These two charts come from a deck I published today for Enders Analysis on the current state of the platform wars. Together, they give a pretty good sense of the mobile industry today.
The clearest take-away is polarisation: Samsung, Apple and (still) Nokia are operating at a completely different scale to the other branded OEMs, which have neither the volumes of Samsung or Nokia nor the premium ASP and revenue of Apple.
Samsung continues to dominate Android globally, with 45-50% volume share (as best anyone can tell, given that Sony is the only Android OEM to disclose unit sales). The other Android OEMs are all struggling to a greater or lesser extent. The growth of Android didn’t change the underlying dynamics: if you were a sub-scale, failing handset maker, adopting Android merely made you a sub-scale, failing smartphone maker.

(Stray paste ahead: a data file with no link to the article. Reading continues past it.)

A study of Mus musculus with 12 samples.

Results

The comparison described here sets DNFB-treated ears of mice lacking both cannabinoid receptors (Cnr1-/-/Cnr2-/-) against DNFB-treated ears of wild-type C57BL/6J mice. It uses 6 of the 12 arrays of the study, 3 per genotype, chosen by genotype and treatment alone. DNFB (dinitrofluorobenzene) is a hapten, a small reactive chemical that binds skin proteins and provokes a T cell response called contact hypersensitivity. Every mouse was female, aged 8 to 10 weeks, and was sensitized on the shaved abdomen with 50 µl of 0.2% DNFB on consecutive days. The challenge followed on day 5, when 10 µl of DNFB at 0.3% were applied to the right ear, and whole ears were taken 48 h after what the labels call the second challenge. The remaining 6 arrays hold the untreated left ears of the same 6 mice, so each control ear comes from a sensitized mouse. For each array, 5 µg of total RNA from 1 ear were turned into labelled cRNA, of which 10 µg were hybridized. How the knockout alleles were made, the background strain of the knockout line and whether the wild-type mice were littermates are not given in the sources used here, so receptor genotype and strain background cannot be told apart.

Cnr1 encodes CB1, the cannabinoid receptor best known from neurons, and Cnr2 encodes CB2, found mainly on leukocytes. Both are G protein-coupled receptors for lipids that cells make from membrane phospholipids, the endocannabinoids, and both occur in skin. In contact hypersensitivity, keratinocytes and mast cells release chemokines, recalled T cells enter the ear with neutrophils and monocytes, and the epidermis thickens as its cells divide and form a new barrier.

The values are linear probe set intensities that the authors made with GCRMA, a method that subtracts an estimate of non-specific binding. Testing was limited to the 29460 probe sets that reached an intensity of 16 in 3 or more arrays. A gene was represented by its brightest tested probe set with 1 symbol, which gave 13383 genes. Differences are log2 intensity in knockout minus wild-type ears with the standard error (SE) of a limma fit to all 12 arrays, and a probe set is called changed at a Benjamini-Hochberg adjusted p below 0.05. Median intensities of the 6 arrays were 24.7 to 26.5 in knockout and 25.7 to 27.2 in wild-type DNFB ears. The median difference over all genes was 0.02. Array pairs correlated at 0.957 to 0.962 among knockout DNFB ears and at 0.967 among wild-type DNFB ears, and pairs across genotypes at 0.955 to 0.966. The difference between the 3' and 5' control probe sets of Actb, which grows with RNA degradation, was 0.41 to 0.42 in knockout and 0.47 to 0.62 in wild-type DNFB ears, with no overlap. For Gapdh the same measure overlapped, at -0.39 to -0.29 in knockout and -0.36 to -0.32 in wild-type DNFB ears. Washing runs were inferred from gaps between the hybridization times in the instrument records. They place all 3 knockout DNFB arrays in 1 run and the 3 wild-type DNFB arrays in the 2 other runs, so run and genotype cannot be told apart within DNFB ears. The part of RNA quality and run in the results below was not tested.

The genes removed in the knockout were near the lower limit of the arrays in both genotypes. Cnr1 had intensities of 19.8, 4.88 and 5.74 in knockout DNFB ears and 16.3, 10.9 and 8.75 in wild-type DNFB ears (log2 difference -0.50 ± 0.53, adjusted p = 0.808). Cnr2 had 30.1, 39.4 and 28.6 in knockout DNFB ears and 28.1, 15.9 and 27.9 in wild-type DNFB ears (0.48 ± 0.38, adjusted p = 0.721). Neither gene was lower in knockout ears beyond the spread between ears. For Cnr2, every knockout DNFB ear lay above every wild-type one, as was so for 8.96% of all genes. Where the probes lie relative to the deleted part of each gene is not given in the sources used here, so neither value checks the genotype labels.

One illustration of this is marketing. Samsung Electronics spent $9.5bn on marketing in the last 12 months, versus $933m at Apple for the 12m to September 2011, $1.45bn at Nokia in 2011 and $4.5bn for Sony in the 12m to March 2012 (these companies only disclose advertising spend annually). Samsung’s Q2 marketing budget of $2.75bn was larger than handset revenue at LG, Motorola, RIM or Sony.
This trend also shows up very clearly if one looks at revenue progression over the last 12m: of the ‘traditional’ OEMs (i.e. excluding Huawei, ZTE and the other Chinese and Indian manufacturers, none of which report handset revenue), only Apple, Samsung and Sony grew: all the others shrank.